US Gives AstraZeneca $ 1 billion for Oxford Vaccine
The US Biomedical Advanced Research and Development Authority (BARDA) has added another illustrious European pharmaceutical industry player to the list of those whose resources it wants to tap to make a Covid-19 vaccine for the US.
The more than $1 billion that BARDA is offering the UK drugmaker puts its $483 million deal with US-start-up biotech Moderna and its $226 million pact with France’s Sanofi in the shade.
Under the arrangement, AstraZeneca has agreed to initially supply at least 400 million doses of the vaccine for the US and has secured total manufacturing capacity to produce 1 billion doses, with first deliveries slated in September, when the vaccine is projected to be ready.
Pascal Soriot, the drugmaker’s CEO, said it would do everything in its power to make the vaccine “quickly and widely available.”
The compnay told Reuters it is in talks with global groups and governments to deliver doses to developing countries at no profit while at the same time working on parallel supply chains to supply the world.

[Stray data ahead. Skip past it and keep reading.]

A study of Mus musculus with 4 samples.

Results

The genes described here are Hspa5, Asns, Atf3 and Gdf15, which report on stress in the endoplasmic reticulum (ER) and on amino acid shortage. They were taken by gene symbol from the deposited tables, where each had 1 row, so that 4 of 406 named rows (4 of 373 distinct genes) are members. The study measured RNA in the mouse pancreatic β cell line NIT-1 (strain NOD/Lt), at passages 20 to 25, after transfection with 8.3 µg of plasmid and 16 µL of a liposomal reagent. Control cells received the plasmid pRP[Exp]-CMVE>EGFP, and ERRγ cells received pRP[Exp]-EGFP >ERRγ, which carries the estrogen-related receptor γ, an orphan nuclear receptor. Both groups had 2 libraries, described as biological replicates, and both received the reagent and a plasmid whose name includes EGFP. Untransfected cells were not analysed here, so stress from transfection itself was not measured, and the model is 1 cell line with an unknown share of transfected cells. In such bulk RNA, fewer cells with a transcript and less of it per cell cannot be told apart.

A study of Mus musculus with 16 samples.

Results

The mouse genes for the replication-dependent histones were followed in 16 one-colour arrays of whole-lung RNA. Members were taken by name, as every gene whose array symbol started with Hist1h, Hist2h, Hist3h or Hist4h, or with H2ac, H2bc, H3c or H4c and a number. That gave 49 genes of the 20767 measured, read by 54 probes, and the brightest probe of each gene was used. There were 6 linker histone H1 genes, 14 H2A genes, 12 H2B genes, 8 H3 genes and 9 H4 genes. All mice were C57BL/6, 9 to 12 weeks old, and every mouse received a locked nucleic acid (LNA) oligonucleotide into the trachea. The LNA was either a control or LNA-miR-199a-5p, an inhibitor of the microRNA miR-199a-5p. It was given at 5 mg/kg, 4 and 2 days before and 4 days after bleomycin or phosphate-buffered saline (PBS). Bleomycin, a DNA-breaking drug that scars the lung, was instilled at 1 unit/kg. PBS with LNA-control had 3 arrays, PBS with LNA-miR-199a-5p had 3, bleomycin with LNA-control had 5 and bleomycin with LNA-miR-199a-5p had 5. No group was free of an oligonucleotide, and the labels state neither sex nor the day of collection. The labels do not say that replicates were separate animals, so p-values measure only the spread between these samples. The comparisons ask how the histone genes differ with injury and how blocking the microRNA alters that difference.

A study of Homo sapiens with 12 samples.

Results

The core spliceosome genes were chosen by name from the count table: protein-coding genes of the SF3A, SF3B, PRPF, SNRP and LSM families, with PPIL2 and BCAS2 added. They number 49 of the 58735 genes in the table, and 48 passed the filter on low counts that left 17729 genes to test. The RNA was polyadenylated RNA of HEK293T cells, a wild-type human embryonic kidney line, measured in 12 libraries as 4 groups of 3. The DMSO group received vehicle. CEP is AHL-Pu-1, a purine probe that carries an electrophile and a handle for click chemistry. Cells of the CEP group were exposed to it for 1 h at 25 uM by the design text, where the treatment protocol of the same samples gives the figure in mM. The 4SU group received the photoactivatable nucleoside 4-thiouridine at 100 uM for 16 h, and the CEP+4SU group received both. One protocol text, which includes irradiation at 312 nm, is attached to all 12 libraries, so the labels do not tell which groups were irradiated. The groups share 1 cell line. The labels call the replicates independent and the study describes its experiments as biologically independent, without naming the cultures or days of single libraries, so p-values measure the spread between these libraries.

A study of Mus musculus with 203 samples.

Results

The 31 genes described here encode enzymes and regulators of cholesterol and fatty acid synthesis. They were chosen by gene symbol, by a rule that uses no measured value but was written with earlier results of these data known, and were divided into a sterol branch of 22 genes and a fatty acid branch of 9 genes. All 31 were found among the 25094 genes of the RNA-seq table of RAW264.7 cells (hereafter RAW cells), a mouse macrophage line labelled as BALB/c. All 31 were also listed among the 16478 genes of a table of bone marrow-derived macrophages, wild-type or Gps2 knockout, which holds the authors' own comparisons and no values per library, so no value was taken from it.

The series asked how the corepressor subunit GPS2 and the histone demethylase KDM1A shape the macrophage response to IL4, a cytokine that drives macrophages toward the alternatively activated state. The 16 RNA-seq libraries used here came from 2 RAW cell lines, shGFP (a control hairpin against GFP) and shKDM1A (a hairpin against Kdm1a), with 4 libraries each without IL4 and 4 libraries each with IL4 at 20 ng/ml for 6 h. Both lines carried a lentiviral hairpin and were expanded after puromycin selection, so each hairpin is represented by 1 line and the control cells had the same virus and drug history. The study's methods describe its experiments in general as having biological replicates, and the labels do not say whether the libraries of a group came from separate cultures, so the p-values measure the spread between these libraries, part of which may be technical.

AstraZeneca is preparing the vaccine developed by the Jenner Institute and Oxford Vaccine Group at the UK’s University of Oxford for full scale universal deployment. The project is being financed in major part by the British government
A the beginning of the week, AstraZeneca said it would make as many as 30 million initial doses of a potential Covid-19 vaccine available by September, assuming the success of trials expected to complete by mid-year, and deliver 100 million doses this year, with the UK having priority.
No details have been released about the additional capacity secured in the US or where the vaccines would be made but to produce 400 million doses for the US alone, it would have to be substantial.
CEO Pascal Soriot said AstraZeneca would do everything in its power to make the vaccine “quickly and widely available.”
Moderna responds to data doubts
In other news, Noubar Afeyan, chairman of Moderna, has defended the biotech’s new vaccine data, responding to reports that some experts were skeptical of the results from the company’s phase 1 human trial as they did not provide critical information to assess effectiveness.
Afeyan said all 45 patients enrolled in the trial produced binding antibodies seen at levels similar to those of people who have recovered from the virus.
He said the vaccine candidate produced neutralizing antibodies, considered important to protect against the virus, for eight of the patients whose data was available.
Data on neutralizing antibodies for the remaining patients is to be published later.